Young poets lead social change

Hamze Somalia poet cover photo. Oxfam

Surrounded by beautiful mountains and eye-catching scenery, Borama, a town on the Ethiopian border, is a center of learning and the home of Amoud University, the first opened in Somaliland. Presidents, politicians, business-people, and poets have graduated from this famous university – it’s the place where tomorrow's leaders are made.

In the beginning

Among the university’s young graduates is a 23-year-old poet, Hamze. The Work in Progress! (WiP!) program staff had a conversation with him in his hometown, Borama.  Hamze was raised by his caring parents with nine other siblings and recognizes the great start he had: “My parents are my world. I remain obedient to them,” he says.

Hamze studied Public Administration and Law but is now using his legal and social knowledge to write poetry to inspire others who may compose songs about tribalism and ‘Tahriib’ (migration). In his poem, Waayo-Dhugad (Life experience), for instance, he warned against rape:

Ruined my future in a night,

You [rapists] took my pride,

And kept my tears rolling down my cheeks.

Gaining recognition

Hamze is becoming well known for his activity. In 2014, he won second prize in a poetry competition held at Borama, and he was acknowledged as one of the most influential youth in Awdal region in 2018. His campaigning on social issues, especially his fight against rape, was finally recognized.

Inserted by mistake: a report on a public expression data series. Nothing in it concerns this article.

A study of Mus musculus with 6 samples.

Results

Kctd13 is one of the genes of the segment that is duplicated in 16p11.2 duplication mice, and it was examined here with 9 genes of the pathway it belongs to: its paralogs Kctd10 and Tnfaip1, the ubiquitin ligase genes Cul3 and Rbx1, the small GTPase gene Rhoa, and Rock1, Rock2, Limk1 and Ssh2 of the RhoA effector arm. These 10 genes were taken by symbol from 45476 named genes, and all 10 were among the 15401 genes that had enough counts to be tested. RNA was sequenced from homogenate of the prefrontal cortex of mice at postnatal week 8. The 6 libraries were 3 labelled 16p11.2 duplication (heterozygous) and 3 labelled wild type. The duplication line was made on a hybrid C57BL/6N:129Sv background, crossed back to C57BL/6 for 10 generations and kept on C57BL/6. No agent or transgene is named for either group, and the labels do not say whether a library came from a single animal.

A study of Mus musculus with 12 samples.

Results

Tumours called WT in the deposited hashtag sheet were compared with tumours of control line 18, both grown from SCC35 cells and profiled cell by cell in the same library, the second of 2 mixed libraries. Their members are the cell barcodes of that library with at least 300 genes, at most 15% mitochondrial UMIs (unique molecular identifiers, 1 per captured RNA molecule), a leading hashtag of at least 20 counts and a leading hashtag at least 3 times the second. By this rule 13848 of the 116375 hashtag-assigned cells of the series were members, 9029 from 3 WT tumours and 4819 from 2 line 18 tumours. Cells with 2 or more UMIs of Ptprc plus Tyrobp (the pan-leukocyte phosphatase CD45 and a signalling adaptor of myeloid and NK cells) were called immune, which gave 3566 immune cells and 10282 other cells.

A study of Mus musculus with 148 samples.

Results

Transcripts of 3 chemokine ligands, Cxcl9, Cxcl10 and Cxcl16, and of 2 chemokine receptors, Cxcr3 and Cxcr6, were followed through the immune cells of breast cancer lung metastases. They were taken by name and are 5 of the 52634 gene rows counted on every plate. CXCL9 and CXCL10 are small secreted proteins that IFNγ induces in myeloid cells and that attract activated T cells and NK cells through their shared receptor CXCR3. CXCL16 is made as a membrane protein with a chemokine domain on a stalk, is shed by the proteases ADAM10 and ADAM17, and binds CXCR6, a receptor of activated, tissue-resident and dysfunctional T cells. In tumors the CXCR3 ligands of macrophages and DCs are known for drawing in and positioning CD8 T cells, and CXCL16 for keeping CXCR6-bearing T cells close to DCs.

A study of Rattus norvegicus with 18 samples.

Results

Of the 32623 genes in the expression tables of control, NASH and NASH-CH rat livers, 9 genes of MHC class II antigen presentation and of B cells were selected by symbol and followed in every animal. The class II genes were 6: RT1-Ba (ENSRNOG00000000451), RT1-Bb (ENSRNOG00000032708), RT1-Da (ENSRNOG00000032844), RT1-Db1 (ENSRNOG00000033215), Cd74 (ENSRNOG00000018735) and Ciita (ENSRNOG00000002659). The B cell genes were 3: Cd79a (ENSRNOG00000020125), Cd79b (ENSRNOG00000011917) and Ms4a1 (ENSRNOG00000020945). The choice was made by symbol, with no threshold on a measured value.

By word of mouth

Hamze’s dream is to motivate young people to change, by supporting their initiatives to reflect on their concerns, for instance through song. His close friends, however, were skeptical about Hamze’s social activities. They rather doubted his ability to make a difference in their social environment. "My friends believe song-writing is just a waste of time," he explained. “But I insisted on continuing no matter how much they challenged me because I believe that my people have an oral tradition, and word of mouth is so strong.”

A pioneer for change

Despite the resistance from his friends, Hamze soldiered on, writing poems and songs with little or no support from the community. He was convinced that what he was doing had value, and he showed considerable resilience by persisting with his idea. And now he is famous for his peace poems and songs, which has slowly earned him respect among his peers.

Hamze’s messages are delivered via social media (see the links below) and local television stations, which has enabled him to reach the Somali diaspora in North America and Europe.

The power of song

“Poetry is art and expression, and has been in my blood since my childhood,” says Hamze. His ambition now is to change Somaliland society through the power of songs and poetry. "If you want people to develop their country, young people are the starting point – they have the drive and stamina to pioneer changes,” he concludes.




Hamze‘s story is part of the multiyear campaign, kicked off on International Youth Day 2019 by the Empower Youth for Work program and the Work in Progress! alliance. The campaign aims to support the national influencing work of the respective programs by joining forces with local role models. The ripples of #Iwasthere are spreading out around the world and these stories are proof that change can happen anywhere – we hope they will inspire you, too, to become an active citizen.